Making Better Career Decisions
Start Smart by Getting to Know You
Making the best career decisions are based on gathering enough of the right information and it starts with self-assessment, or learning more about you. For example, being award of your individual interests and unique personality will help you discover whether you prefer to work with people, data, ideas or things, or some combination of them. Just knowing this will lead to very different career options.
Being Aware of Career Planning Resources
At UVU, we have a number of self-assessment, career assessment and exploration tools available to assist you. Each will help you become more informed about how your personality, interests, values, skills and experiences impact major and career choices. You can learn a lot about yourself through many of these resources, but make sure you include your major advisor/career counselor during the process. This is extremely important. Find your advisor now.
Tools for Matching Interest and Personality to Majors and Careers
Myers-Briggs Type Inventory (MBTI)
This MBTI is our most popular personality assessment, and the most reliable over time. This assessment is a questionnaire and designed to measure psychological preferences in how people perceive the world and make decisions. Simply put, the MBTI measures random variations in behavior which are actually quite orderly and consistent. These behavior variations occur due to basic differences in the ways individuals prefer to use their perception and judgment.
Once completed, you will have identified your personality type, most popular job families and occupations, along with 25 related occupations for your type. You will also be provided with a description of your values, strengths and weaknesses as they relate to occupations and interpersonal relationships.
Strong Interest Inventory (SII)
This interest inventory (tool) is our most popular. This assessment measures your answers to how similar or dissimilar you are to individuals in each of six General Occupational Theme areas: Realistic, Investigative, Artistic, Social, Enterprising and Conventional. It is a snapshop in time and provides you with a powerful method for matching your interests with opportunities for jobs, education, and leisure activities.
Seeing the Bigger Picture
Although career development tools like the Myers-Briggs Type Inventory, the Strong Interest Inventory, and other career exploration resources assist you in making more informed career decisions, they are just the tip of the Career Planning iceberg.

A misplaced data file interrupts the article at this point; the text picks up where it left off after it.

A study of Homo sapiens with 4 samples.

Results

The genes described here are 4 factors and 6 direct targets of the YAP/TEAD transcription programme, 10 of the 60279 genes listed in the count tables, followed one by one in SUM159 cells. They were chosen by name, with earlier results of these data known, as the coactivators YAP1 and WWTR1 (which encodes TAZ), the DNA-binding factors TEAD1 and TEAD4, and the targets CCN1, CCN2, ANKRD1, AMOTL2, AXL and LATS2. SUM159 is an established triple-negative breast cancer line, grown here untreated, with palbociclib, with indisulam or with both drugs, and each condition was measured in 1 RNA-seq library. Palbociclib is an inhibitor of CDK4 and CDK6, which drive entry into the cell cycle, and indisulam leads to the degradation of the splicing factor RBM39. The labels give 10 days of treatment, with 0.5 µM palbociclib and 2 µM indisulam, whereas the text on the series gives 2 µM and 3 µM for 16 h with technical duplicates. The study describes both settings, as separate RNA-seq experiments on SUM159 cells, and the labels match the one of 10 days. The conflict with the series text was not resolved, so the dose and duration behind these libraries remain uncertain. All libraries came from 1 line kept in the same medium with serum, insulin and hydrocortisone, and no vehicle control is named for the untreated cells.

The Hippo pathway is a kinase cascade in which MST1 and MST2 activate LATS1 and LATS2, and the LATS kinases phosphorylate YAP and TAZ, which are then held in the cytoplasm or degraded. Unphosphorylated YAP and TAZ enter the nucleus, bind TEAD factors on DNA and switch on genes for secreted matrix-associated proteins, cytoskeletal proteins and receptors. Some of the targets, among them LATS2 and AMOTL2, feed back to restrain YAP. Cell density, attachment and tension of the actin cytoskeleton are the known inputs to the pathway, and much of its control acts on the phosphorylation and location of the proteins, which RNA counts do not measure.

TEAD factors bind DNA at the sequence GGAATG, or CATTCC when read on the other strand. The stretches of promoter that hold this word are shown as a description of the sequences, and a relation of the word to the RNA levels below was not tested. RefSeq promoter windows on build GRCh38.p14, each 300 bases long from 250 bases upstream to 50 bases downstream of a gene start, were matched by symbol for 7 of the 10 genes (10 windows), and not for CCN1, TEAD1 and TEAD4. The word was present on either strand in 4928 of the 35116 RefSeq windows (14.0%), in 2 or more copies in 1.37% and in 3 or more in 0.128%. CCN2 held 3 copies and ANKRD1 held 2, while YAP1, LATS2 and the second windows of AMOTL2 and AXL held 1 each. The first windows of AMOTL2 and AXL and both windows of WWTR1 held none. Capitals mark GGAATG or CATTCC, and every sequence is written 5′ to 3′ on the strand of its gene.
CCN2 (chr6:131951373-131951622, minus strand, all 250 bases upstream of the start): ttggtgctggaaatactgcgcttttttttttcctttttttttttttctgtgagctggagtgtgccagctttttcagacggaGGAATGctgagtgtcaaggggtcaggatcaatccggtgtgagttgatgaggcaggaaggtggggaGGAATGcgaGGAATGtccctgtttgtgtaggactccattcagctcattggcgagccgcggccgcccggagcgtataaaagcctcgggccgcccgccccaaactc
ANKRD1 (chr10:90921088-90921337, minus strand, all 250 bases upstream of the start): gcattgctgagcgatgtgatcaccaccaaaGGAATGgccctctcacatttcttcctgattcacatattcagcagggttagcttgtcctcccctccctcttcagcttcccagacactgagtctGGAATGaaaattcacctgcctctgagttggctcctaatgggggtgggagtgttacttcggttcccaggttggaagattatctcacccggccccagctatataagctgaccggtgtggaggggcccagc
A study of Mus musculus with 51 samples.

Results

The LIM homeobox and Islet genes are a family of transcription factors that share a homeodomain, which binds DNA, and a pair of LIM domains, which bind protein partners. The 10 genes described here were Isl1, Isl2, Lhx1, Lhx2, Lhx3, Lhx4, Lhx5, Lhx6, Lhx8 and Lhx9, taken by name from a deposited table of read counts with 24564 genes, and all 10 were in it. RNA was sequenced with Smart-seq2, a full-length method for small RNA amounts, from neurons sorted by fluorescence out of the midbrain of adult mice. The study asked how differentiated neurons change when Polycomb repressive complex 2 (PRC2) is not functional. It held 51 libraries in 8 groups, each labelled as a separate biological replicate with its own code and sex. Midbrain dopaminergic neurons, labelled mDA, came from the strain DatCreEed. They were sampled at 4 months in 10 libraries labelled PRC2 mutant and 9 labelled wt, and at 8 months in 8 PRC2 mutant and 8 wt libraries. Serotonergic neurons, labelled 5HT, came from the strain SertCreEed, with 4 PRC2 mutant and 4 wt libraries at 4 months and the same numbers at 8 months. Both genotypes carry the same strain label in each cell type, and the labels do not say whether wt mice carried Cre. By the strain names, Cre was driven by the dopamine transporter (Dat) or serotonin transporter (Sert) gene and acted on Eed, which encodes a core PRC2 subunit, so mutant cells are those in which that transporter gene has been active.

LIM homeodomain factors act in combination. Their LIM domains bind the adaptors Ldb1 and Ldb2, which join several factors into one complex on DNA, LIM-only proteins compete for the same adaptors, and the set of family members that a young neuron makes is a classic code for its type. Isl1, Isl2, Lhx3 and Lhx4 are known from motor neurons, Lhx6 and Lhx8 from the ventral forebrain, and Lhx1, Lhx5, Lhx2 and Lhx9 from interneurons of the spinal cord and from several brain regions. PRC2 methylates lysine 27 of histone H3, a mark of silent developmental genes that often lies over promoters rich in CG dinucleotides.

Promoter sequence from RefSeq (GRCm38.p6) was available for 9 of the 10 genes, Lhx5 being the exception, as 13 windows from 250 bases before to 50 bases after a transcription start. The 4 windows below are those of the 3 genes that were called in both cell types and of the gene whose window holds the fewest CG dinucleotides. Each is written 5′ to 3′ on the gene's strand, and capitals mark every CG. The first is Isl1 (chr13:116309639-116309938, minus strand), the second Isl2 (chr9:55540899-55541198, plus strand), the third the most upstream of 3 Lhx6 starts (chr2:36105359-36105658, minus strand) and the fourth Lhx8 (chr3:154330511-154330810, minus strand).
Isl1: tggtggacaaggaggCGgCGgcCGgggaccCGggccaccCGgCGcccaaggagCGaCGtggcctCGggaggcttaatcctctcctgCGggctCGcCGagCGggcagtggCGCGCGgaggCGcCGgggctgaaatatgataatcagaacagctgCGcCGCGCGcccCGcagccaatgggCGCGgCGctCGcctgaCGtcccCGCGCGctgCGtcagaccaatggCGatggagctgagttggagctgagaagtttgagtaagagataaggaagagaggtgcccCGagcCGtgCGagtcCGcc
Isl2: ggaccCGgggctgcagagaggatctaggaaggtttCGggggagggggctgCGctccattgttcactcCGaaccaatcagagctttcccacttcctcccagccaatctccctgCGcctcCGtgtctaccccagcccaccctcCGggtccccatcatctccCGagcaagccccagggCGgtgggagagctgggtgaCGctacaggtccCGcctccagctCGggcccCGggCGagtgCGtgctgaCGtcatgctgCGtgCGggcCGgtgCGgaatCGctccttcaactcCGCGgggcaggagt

You may not have a strong desire to learn more about Career Planning right now, but a healthy awareness of the process will be invaluable to your future. Self-assessment activities give you an excellent start and a solid foundation towards building your long term career success.
The Five Phases of Career Development
This step of the process is often overlooked and yet, it forms the foundation for the rest of the process. "Know Thyself" is the main objective here. Gathering information about yourself - personality, interest, values, talents, skills, and experiences, along with your ambitions - helps complete the picture you have about you.
2. Career Exploration
Along with knowledge of self, being aware of the many opportunities for employment give you a huge advantage in making the right career choice. Do you know how much education you need, to earn the income, to live the life you want?
There are web-based programs that can quickly generate this information for you. Career planning is not a one time effort. It is a continuous process that gets refined the more you know about career, employment, the market place and your education goals. The objective is to expand your knowledge of available career opportunities. Take time to talk with your academic advisor about this important step.
3. Focus and Goal Setting
As important as it is to become aware of the possibilities for careers is the need to narrow down choices that best fit you. Here is where your ideal occupation meets the realization of what can be achieved given personal realities. Factors to consider here are: age, readiness for college, finances, marital status, physical and emotional limitations, time, family status, culture, learning styles and more.
4. Job Search
Here is where opportunity meets your education, skills and experience. Get ready for graduation in advance and being ready to land that first real job. UVU's Career Development Center (CDC) is the place to begin this all important activity. You will want to put as much effort into your job search preparation as you did to select your major, if not more.
5. Career Management
What's important here is understanding that your first job and subsequent jobs are temporary. No one will manage your career for you. You're in charge. The average job tenure is about 3.5 years. Where do you see yourself in three, five or even ten years? The smart individual has a plan for their future.
Career and Academic Advising Professionals
Remember, you're on educational journey with many twists, turns and decision points. Take your time. Make sure to consult with your career and academic advisors along the way. Your time will be well spent and you can count on navigating the future with more confidence, clarity, realistic goals and expectations. Find your advisor now!